Poetry News – Spring 2019

Rising stars and rising poetry book sales feature in the spring issue of Poetry News.

Wayne Holloway-Smith is the winner of the National Poetry Competition with his heart-rending and mending ‘The posh mums are boxing in the square’. We interview Wayne about what he describes as “a ridiculous privilege” to have had his poem chosen and his approach to writing poetry: “like when a group of kids try to keep a football in the air between them”.

The Foyle Young Poets of the Year Award 2019 was launched on World Book Day, 7 March, in Harborne Academy, Birmingham, with Raymond Antrobus (co-judging the competition with Jackie Kay) and Birmingham Poet Laureate Richard O’Brien. Mark Oakley, Ted Hughes Award judge with Linton Kwesi Johnson and Clare Shaw, presents this year’s shortlist. We report on rising poetry book sales, the return of our epic Poem-a-Thon all-day fundraiser on 18 May, the launch of Places of Poetry, the inaugural Peggy Poole Award in Liverpool, and a new filmpoem by Jonathan Edwards and film-maker Christopher Morris.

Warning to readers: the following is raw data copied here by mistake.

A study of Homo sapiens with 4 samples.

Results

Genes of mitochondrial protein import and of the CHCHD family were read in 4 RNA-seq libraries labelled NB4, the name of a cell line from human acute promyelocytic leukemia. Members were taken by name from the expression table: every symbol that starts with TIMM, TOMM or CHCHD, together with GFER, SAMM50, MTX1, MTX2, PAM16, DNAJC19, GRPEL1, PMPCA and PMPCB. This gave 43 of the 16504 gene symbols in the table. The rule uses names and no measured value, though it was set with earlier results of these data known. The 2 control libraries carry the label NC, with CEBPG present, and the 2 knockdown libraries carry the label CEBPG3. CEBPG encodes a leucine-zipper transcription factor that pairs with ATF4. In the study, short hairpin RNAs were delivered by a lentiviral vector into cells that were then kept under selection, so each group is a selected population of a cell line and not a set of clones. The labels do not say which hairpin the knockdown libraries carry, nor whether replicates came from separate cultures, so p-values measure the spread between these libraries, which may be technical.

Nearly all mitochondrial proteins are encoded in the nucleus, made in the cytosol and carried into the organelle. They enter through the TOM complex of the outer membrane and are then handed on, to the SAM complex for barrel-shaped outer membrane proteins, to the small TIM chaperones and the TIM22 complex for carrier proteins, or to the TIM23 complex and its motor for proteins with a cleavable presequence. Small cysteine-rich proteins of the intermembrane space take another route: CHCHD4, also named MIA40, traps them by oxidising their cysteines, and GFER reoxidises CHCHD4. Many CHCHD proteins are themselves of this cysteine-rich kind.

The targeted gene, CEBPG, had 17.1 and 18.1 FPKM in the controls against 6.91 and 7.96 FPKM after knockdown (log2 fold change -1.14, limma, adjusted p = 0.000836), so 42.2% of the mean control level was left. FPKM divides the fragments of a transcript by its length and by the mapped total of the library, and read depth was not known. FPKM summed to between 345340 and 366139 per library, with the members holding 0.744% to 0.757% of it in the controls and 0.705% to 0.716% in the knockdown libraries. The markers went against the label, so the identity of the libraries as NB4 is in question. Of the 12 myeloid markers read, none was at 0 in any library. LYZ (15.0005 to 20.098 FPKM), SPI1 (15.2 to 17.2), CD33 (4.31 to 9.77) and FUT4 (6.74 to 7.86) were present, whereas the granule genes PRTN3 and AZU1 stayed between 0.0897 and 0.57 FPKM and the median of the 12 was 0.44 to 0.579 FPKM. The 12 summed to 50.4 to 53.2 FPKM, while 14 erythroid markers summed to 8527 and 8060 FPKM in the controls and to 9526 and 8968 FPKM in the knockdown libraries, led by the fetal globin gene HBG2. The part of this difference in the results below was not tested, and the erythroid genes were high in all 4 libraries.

In our feature articles, Sarala Estruch explores the lack of diversity in British poetry reviewing, an imbalance that the Ledbury Emerging Poetry Critics scheme (of which she is a part) aims to redress. Kit Fan‘s imagination takes flight as he prepares to judge the next members’ poems competition on the theme of ‘the moon’, chosen to coincide with the fiftieth anniversary of the first lunar landing. Marking another anniversary, Briony Bax, Editor of Ambit, offers a droll account of the first sixty years of the magazine.

Our Young Poetry News pages present new challenges: can you write a poem inspired by Carol Ann Duffy, whose term as Poet Laureate ends on 30 April? We celebrate the latest Foyle anthology The Walls Were Not Big Enough to Hold You, and look ahead to this year’s competition. We also feature exciting spoken word events: a Young Poets Takeover SLAMbassadors Edition in The Poetry Café, London, and ‘Borderlines’, a joint project between The Poetry Society and Boom Satsuma, looking at borders and boundaries, hosted by the award-winning poet Joelle Taylor.